We’ve been enjoying a run of frosty mornings here in the East of England, and what better way to celebrate than to wear my recently-completed sparkly socks?
I enjoyed working on these and they were a nice, speedy knit. The wool, West Yorkshire Spinners’ Signature Sparkle 4-ply in the Silent Night shade, behaved perfectly with a nice spread of the darker and lighter areas. West Yorkshire Spinners sell ready-made socks in some of their Christmas yarns and I notice on their website that the light and dark sections show a distinct spiral effect. This will happen with yarns dyed in distinct sections when the stitch count and gauge combine in a particular fashion. I don’t mind it when the colours pool or spiral but it can seem strange if you’re not used to it.
This may be odd, but I chose my entire outfit for today based on the socks I wanted to wear! I quite often wear my long-ish cotton skirts around the house in winter as I find a long, voluminous skirt can be warmer than trousers. This skirt is the one I bought for £1 at the Sue Ryder Vintage Shop in Norwich about three years ago and I must say I am getting my money’s worth out of it! Definitely in the cost-per-wear range of a penny or so. If only I could make the same boast of all the items in my wardrobe.
Knitting has continued most nights as I work on the gift-knit top. I’m particularly pleased with the shoulder seaming on this. As it has no shaping, I was able to do a 3-needle bind-off which I completed holding the right-side (outside) face of both the back and the front against each other then I did the bind-off as knit stitches.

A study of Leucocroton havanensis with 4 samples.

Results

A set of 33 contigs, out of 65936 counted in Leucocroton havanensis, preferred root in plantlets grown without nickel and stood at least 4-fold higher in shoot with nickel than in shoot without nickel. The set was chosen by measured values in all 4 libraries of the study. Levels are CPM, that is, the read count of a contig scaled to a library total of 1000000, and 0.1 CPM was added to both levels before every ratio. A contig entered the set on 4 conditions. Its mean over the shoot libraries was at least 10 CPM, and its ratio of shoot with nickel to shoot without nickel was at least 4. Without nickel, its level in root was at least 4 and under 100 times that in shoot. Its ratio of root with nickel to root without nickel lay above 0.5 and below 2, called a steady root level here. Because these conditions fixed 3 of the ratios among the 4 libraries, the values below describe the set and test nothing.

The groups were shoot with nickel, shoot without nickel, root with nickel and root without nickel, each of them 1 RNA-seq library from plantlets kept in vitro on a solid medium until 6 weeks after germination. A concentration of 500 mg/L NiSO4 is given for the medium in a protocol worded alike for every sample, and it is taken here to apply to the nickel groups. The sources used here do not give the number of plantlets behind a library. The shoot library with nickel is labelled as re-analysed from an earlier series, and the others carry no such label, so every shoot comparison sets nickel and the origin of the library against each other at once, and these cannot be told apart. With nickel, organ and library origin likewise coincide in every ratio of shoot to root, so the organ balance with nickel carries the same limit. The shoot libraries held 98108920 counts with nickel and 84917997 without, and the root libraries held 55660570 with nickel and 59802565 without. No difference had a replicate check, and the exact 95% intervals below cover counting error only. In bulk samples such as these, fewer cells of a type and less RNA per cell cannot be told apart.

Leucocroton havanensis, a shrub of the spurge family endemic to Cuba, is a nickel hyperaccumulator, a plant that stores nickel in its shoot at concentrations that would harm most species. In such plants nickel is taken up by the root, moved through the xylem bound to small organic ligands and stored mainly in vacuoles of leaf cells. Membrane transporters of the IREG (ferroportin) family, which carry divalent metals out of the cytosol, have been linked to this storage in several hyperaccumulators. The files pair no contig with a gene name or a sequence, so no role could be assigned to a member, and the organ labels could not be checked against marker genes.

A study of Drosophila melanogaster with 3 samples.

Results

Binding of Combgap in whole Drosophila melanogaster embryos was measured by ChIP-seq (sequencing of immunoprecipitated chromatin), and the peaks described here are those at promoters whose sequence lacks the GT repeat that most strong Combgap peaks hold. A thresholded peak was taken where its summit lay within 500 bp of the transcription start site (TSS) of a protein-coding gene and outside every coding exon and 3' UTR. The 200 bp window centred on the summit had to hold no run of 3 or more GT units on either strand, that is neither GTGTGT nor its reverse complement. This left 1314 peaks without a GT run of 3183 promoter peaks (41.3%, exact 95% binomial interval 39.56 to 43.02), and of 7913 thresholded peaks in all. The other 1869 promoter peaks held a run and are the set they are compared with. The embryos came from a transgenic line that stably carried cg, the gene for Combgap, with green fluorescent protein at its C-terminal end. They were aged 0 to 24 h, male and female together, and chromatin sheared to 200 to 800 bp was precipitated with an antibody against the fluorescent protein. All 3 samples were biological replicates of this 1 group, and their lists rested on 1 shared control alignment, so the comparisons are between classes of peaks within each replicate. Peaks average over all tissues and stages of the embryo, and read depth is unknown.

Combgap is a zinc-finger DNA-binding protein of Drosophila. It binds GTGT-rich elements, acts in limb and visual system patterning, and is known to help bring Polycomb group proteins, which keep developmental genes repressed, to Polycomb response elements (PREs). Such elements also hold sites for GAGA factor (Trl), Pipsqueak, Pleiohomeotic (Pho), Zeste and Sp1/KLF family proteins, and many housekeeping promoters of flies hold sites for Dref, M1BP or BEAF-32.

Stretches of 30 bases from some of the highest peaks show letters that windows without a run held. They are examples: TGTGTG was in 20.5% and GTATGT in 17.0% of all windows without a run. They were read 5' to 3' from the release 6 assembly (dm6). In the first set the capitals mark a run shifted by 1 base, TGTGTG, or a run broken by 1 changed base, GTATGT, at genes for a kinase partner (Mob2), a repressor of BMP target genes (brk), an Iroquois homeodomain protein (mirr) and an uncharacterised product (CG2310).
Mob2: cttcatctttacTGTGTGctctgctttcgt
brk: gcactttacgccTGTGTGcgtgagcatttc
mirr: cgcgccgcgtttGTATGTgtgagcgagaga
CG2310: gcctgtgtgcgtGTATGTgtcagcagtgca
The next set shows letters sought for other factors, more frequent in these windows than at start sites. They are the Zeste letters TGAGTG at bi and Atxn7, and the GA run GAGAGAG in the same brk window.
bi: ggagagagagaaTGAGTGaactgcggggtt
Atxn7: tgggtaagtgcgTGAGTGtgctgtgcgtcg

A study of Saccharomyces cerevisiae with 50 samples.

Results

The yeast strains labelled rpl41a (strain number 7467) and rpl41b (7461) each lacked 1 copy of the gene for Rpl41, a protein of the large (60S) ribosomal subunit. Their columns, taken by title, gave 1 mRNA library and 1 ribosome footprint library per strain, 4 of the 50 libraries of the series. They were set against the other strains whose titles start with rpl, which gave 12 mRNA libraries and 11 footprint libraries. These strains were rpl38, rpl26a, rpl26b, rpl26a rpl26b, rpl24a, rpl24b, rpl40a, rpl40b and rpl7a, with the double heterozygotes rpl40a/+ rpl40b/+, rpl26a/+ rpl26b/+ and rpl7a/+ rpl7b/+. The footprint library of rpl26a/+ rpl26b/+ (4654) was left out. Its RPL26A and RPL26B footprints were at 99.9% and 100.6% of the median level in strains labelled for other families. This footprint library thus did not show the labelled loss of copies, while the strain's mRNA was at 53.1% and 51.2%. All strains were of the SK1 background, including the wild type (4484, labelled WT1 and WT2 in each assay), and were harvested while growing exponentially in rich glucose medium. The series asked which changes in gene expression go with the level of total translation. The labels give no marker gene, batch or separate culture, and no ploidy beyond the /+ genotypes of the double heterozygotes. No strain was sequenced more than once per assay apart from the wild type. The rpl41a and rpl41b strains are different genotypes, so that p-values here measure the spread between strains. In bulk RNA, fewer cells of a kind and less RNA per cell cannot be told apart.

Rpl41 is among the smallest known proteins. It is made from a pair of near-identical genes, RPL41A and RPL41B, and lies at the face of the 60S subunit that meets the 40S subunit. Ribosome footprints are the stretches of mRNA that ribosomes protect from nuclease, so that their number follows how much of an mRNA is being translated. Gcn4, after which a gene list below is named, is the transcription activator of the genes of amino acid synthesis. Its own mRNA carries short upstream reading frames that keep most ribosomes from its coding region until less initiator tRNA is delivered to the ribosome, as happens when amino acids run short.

This has given a lovely, subtle furrow when you turn the garment right-side out. If you hold the wrong side (inside) face of the pieces together and do three-needle bind-off, you get the ridge on the outside of the garment. This is sometimes done as a design-feature and definitely has its place. The written pattern for this garment calls for you to graft the shoulders together so I could have used the Kitchener Stitch I often use on my sock toes – this would have given a more seamless appearance from the outside. I could also have cast off the stitches and then sewn or crocheted the seam closed; this is what I usually do when the shoulder is shaped in ‘steps’ of cast-off stitches. When I can be bothered, I will occasionally shape the shoulder with short-rows which is a hybrid where you can get the shaping I like but still end up with a full row of stitches that you can bind off with the three-needle or Kitchener Stitch methods. I definitely should do that more often.
I’m thoroughly enjoying this gift knit and I still think I might make a broadly similar garment for myself at some point. Perhaps I would tweak things here and there. I would definitely adapt it for knitting flat as I just can’t see any compelling reason to knit it partially as a circular knit. I can also imagine it with some kind of textured panel, either replacing the lace at the bottom edge, or replacing the colourwork section.
I had fun the other evening digging out my knitting notebook and having a look at some ideas I’d had the last time I used it which is a good couple of years ago. I need to get back into the habit of writing down my ideas around knitting because I often like them more when they’ve been allowed to marinate for a year or two.
I hope your January is progressing in a suitably sparkly manner, and if it’s rather dull then perhaps you could toy with the idea of adding sparkly socks to the mix!